These 5 tips can help you save a life

These 5 tips can help you save a life

Learning first aid skills is about preparing for the worst, but not everyone knows the simple steps that can be taken to stop someone from dying of blood loss.

Accidents and traumatic incidents happen every day, which is why emergency professionals across the nation are encouraging people to know how to save lives after a traumatic injury.

May is National Stop the Bleed Month, which is part of an initiative aimed at training bystanders to respond to emergencies where patients may die due to blood loss. The program was started by the federal government after the Sandy Hook Elementary School shooting in 2012.

Uncontrolled bleeding can lead to loss of life in as few as three minutes, and techniques to control excessive blood loss aren’t as commonly known and understood as how to fight fire.

“Bleeding out is the number one most preventable death in any type of traumatic injury,” says Advocate Good Samaritan Hospital Trauma Nurse Manager and Stop the Bleed trainer Lori Chiappetta. “By securing the bleeding before first responders arrive, bystanders can help stabilize patients and expedite treatment in the emergency room.”

Chiappetta and trainers across the country host and lead classes to teach skills such as packing wounds and applying tourniquets that could apply in a range of situations, including broken bones on the playground and stabilizing serious car accident victims.

“This is a set of skills that are valuable to everyone, even if it seems like an intimidating topic. If you find yourself in an emergency situation, Stop the Bleed can help give you a little more confidence and take the steps you need to take to save a life.”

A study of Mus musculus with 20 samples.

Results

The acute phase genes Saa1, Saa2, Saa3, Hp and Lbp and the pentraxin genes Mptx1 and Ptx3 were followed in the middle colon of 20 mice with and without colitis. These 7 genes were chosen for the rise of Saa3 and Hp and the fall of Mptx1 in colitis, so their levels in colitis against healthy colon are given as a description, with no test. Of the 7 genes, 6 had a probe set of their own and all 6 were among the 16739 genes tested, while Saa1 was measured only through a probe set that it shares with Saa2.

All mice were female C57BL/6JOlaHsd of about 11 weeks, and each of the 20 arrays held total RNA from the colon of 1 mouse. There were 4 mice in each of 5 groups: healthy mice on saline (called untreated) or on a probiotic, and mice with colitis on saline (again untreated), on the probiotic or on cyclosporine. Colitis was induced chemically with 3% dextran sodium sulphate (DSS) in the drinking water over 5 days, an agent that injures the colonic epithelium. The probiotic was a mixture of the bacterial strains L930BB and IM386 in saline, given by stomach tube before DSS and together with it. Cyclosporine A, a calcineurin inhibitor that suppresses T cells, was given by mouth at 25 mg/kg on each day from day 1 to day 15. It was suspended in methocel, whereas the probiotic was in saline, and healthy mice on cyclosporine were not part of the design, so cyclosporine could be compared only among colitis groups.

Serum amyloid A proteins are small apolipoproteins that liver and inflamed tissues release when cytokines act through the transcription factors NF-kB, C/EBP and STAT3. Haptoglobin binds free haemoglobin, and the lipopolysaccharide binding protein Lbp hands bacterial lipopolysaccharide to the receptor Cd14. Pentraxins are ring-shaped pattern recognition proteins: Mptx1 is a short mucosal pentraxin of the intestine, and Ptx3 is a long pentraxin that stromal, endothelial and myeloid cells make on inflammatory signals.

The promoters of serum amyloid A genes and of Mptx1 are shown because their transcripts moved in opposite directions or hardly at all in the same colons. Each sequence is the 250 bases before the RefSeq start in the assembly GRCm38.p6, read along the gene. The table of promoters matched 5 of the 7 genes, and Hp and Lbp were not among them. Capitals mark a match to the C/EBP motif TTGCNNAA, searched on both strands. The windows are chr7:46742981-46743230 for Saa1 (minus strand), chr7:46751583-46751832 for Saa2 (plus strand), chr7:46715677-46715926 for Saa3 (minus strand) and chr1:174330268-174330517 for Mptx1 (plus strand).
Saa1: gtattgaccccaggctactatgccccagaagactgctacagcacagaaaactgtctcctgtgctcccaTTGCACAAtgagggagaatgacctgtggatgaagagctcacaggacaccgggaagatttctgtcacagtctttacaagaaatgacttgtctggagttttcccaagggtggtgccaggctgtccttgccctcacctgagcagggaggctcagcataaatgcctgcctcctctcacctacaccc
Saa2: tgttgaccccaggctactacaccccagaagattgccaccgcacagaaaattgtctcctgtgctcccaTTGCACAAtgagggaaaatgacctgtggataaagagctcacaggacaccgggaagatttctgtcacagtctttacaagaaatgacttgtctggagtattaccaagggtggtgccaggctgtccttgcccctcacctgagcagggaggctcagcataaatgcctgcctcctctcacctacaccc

When confronted with someone who is bleeding out, there are five simple steps to follow:

  1. Ensure your own safety.
  2. Follow the ABCs:
  3. Alert 911. Your efforts can help keep people alive for hours, but only professionals can save them.
  4. Bleeding – find it and fight it. Remove or tear away clothing anywhere that could be injured.
  5. Compress – see below:
    • Apply a tourniquet, or anything you can tie tightly to a wounded appendage, two to three inches closer to the torso from the bleeding. Continue tightening until the bleeding stops and take note of what time it was applied. A second tourniquet can also be used above the first.
    • If you don’t have a tourniquet, apply gauze or cloth in and around the wound, then apply firm, steady pressure to the bleeding site with both hands, if possible.
    • Do not remove or reposition your tourniquet or your pressure until you are immediately relieved by another bystander or emergency responder.


Nathan Lurz
Nathan Lurz

Nathan Lurz, health enews contributor, is a public affairs coordinator at Advocate Good Samaritan Hospital. He has nearly a decade of professional news experience as a reporter and editor, and a lifetime of experience as an enthusiastic learner. On the side, he enjoys writing even more, tabletop games, reading, running and explaining that his dog is actually the cutest dog, not yours, sorry.